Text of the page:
Swedish Authorities Scour Social Media for Poker Tax Evaders

October 10th, 2014 | by Jason Reynolds
Swedish poker tax for pros

Swedish tax authorities are cracking down on poker tax-evader players who are avoiding reporting their winnings. (Image: sthlm.daniel-reed.eu)

If you’re a poker tax evader in Sweden, listen up: you could be on a Wanted List in the Skandie country.

The Swedish tax authority, known as Skatteverket, is searching for information on poker players who have collected big winnings on overseas sites, but haven’t been paying taxes on that money. According to a report from Radio Sweden, in many cases officials have found out that Swedish players have won large sums, but they aren’t sure exactly who those players are.

“I am pretty certain that this is the first time that we have used the possibility of trying to get information about not yet identified people,” said Dag Hardyson, an Internet specialist who works with the Swedish tax agency. “And we have been getting excellent information from tax havens. This really has paid off.”

Online Boasts Used to Establish Winnings

Hardyson and other officials have apparently been finding information about large poker wins on websites and forums where poker players talk about the game. Of course, the players on these forums typically use screen names, and many of them remain private about their real identities.

But by reaching out to officials in some international tax havens, the agency has been able to identify several gamblers who scored big through poker. They’ve identified about 250 million Krona ($34.76 million) that has been won by about 250 Swedish online gamblers since 2012.

“We are talking about people who are well established in society, many of them are professional gamblers,” Hardyson said. “Many of the people involved are professional poker players.”

Among this group were reportedly about 50 players who had been playing on websites located outside the European Union and that do not hold any form of license in Europe. Swedish law requires poker players to declare all winnings from such sites, though they do not have to do so for play on sites that are operating with a license in the EU.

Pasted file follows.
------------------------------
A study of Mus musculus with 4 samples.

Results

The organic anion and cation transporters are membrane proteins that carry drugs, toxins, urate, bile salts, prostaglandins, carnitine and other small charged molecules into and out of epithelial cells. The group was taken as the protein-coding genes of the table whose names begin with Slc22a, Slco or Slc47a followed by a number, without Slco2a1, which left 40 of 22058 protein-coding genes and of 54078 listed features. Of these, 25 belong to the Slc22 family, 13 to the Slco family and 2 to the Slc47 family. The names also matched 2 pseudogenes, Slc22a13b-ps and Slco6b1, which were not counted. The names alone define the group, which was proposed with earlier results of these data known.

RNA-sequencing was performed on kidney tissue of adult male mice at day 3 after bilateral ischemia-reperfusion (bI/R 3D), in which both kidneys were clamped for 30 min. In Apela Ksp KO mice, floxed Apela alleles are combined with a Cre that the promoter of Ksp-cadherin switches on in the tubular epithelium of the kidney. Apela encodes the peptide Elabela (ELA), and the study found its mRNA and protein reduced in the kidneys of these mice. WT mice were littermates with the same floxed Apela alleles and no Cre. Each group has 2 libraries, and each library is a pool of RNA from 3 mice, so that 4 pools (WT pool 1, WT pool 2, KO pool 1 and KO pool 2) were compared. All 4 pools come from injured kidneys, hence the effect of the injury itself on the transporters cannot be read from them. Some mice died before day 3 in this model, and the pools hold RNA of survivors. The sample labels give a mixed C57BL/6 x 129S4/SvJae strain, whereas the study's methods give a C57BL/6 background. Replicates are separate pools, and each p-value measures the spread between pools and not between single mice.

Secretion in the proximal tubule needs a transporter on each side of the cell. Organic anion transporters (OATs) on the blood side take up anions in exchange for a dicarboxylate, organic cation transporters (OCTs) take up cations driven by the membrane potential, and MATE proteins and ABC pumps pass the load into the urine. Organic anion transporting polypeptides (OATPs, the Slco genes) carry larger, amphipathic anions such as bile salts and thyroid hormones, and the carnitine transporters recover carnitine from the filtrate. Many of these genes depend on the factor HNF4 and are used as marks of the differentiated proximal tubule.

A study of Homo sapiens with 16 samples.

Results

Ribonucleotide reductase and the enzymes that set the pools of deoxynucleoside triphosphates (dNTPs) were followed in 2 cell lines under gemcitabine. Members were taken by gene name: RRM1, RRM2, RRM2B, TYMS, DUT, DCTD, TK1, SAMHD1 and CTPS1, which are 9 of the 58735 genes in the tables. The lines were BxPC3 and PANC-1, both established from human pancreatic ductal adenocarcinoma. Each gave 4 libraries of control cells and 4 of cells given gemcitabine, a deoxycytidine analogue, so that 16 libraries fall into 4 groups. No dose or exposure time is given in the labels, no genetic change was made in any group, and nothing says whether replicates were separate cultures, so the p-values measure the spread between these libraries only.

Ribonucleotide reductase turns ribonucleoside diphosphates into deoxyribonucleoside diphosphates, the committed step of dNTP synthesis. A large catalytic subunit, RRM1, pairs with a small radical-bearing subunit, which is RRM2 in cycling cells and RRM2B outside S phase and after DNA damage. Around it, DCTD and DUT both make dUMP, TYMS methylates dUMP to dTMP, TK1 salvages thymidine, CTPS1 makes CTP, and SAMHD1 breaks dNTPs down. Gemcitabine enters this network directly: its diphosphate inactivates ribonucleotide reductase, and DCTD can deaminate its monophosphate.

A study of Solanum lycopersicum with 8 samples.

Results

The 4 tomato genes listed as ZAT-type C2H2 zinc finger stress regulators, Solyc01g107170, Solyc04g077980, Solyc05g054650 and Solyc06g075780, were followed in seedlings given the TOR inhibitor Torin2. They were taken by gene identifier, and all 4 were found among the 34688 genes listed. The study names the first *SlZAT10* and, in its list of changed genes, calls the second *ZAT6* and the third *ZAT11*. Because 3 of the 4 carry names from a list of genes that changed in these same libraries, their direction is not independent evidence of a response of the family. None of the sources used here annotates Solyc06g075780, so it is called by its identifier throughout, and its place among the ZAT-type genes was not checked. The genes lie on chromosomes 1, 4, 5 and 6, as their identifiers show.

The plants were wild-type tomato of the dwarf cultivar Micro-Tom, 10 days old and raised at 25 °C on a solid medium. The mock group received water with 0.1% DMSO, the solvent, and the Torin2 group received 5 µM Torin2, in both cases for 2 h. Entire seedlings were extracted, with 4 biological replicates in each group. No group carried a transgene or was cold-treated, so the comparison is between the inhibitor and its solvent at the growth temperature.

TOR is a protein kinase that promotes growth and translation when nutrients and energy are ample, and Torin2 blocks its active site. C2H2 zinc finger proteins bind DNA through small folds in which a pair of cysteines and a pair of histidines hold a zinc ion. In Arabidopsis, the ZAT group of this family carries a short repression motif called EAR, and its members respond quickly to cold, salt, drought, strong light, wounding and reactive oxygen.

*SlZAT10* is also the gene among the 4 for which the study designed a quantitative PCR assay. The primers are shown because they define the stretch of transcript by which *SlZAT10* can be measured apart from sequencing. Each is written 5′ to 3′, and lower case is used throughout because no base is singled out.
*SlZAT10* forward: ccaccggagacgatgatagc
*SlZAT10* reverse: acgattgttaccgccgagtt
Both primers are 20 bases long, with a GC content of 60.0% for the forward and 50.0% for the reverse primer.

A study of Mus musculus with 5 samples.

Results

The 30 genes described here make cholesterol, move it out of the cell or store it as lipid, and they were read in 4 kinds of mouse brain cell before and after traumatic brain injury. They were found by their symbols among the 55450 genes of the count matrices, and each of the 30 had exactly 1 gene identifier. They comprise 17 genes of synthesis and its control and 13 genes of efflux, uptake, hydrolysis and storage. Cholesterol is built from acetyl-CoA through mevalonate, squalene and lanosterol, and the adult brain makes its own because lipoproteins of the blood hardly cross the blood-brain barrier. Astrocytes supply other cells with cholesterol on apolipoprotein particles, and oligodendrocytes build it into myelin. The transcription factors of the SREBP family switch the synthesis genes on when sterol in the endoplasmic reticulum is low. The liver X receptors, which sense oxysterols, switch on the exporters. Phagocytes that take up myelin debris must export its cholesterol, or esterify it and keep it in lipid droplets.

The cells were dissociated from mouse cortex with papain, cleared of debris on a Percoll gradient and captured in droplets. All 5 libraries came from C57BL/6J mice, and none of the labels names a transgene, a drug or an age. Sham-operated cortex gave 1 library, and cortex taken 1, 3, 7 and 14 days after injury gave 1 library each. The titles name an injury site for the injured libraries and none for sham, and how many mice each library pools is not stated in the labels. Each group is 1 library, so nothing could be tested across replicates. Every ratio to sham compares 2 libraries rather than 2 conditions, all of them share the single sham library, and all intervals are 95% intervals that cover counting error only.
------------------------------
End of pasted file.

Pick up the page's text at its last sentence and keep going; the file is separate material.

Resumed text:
“These people will now be asked to pay taxes and fines for millions of Swedish Kronor,” said Unibet Poker ambassador Dan Glimme in Aftonbladet, a Swedish newspaper.

Investigations Ongoing Since 2006

While the latest crackdown shows that the Skatteverket has been getting much better at finding players through the use of resources like poker forums and databases that track winnings, this is hardly the first time the group has tried to track down the taxable online winnings of Swedish players. Operations have been ongoing since 2006, and at times, there have been some very notable targets of their investigations.

In early 2011, rumors swirled that Viktor Blom, better known as “Isildur1,” was under investigation for winnings obtained while playing at the nosebleed tables on Full Tilt Poker. At the time, Hardyson wouldn’t comment on whether the rumors were true, though he did note that Full Tilt was not an EU-licensed site and that he was well aware of who Blom was.

“It’s like going to a sports editor and asking if they know about Zlatan,” Hardyson said, referring to Swedish soccer legend Zlatan Ibrahimovic.

Reportedly, poker winnings made on sites outside of the EU or European Economic Area are meant to be taxed at a 30 percent rate. However, every individual pot is considered a taxable event, which can lead to some hefty tax bills: for instance, it was said that Blom might owe $150 million from his play on Full Tilt, based on a strict interpretation of Swedish tax law.